I think that historically big powers in Greece relied upon several strategies to maintain their own hegemony:
Become very rich, acquire prestige (for example for contributions to the wars against Persia) and make alliances with people, ensuring their continued friendship with either bribery or the looming threat of a "league action" against recalcitrant allies.
Greek politics was odd and probably isn't well-represented in the game, which uses more modern assumptions about conquest. I can't think of too many examples where Greek states actually invaded and conquered their enemies' towns. The usual practice in war was to raze the walls, execute part of the population and install a "friendly" tyrant or ruling council. Places were unlikely to be occupied (at least not for long), even less become, for example, "culturally Athenian" (in game terms, being able to recruit home troops from). Factions with a small "cultural" base do seem to be at a disadvantage because of this, and I do think the cultural system is quite flawed. Such a vast area of the Aegean did not feel such close ties with Athens, but because of the way the game works, it has to be represented that way.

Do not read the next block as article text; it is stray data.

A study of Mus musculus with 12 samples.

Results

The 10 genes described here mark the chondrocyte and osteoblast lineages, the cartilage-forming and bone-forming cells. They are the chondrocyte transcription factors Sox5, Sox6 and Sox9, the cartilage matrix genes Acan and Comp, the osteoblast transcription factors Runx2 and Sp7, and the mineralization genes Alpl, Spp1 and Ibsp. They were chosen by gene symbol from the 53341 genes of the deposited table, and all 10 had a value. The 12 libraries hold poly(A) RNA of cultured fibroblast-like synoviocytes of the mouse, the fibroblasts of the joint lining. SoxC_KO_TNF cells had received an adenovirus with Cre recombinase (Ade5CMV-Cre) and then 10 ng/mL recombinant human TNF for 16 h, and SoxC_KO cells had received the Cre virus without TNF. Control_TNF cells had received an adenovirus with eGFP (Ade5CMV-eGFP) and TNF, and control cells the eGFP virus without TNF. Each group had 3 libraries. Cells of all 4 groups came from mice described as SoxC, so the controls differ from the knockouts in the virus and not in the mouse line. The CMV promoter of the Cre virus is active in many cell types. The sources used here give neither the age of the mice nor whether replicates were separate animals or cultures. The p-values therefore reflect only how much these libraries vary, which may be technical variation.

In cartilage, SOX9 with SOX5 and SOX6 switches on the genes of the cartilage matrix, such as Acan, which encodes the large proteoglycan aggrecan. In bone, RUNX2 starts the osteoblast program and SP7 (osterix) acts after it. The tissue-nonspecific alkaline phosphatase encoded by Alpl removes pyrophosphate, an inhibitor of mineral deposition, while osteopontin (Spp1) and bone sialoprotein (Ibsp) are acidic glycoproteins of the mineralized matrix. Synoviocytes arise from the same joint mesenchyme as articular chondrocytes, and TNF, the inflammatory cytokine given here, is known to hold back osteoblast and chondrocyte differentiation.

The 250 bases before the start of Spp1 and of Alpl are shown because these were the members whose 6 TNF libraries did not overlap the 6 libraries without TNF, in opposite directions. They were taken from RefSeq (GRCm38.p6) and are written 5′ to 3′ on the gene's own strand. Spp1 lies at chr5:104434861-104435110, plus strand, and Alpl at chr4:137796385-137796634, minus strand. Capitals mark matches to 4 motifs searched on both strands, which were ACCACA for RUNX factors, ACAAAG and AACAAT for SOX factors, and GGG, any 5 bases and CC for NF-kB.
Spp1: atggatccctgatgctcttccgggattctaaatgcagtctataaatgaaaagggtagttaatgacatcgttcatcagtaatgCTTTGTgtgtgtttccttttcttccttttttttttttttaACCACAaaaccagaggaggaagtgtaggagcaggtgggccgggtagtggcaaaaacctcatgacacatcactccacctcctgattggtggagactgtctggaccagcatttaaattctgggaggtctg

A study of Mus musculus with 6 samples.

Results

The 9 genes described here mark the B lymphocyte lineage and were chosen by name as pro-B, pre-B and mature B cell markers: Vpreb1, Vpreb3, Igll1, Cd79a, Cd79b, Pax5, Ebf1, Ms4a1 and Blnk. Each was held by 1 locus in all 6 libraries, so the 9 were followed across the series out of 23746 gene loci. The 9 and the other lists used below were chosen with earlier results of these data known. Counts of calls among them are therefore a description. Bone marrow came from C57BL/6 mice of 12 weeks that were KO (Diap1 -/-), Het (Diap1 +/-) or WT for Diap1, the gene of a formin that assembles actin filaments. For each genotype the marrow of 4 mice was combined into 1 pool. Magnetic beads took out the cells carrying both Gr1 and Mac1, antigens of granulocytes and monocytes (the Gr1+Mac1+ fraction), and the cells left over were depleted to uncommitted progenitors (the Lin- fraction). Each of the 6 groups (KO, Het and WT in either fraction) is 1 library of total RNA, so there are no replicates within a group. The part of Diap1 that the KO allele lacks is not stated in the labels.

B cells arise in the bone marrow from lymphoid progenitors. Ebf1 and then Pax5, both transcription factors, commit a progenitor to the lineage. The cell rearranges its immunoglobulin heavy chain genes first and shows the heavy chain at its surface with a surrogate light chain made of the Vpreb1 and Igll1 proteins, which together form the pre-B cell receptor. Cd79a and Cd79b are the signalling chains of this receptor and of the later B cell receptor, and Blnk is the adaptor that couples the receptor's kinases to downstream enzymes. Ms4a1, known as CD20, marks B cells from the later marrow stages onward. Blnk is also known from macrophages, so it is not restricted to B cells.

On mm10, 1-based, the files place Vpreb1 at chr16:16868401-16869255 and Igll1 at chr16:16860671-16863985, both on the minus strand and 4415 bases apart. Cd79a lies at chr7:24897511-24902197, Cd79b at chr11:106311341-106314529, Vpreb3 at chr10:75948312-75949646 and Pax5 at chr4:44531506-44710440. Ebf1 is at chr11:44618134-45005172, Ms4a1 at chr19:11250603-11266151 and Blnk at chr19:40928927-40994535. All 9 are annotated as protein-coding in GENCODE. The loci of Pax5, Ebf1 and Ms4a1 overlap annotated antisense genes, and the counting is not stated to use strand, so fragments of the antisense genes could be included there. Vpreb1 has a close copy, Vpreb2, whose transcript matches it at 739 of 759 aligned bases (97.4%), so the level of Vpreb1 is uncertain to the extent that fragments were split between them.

I do think that there was a distinction between language groups in Greece though. I'm struggling to remember but there were at least three major language families: Doric, Ionic and North-Western Greek. The Athenians, who spoke Attic Greek, were a part of the Ionic language group. Perhaps not coincidentally, most of Athens' allies were also Ionic-speaking. A way this could be represented in-game, and make things easier for smaller factions, is as follows:
1. All factions and cities are assigned a broad cultural group: Doric, Ionic, NW-Greek etc.
2. If you conquer a city with the same cultural group as your faction, you can recruit allied troops from it.
3. If you conquer a city with a different cultural group then you're stuck with mercenary units.
This would encourage a more historical play-style, with Athens finding it easier to conquer the islands of the Aegean and the coast of Asia Minor, and Sparta finding it easier to dominate the Peloponnese (though strictly speaking there were various language groups in that area).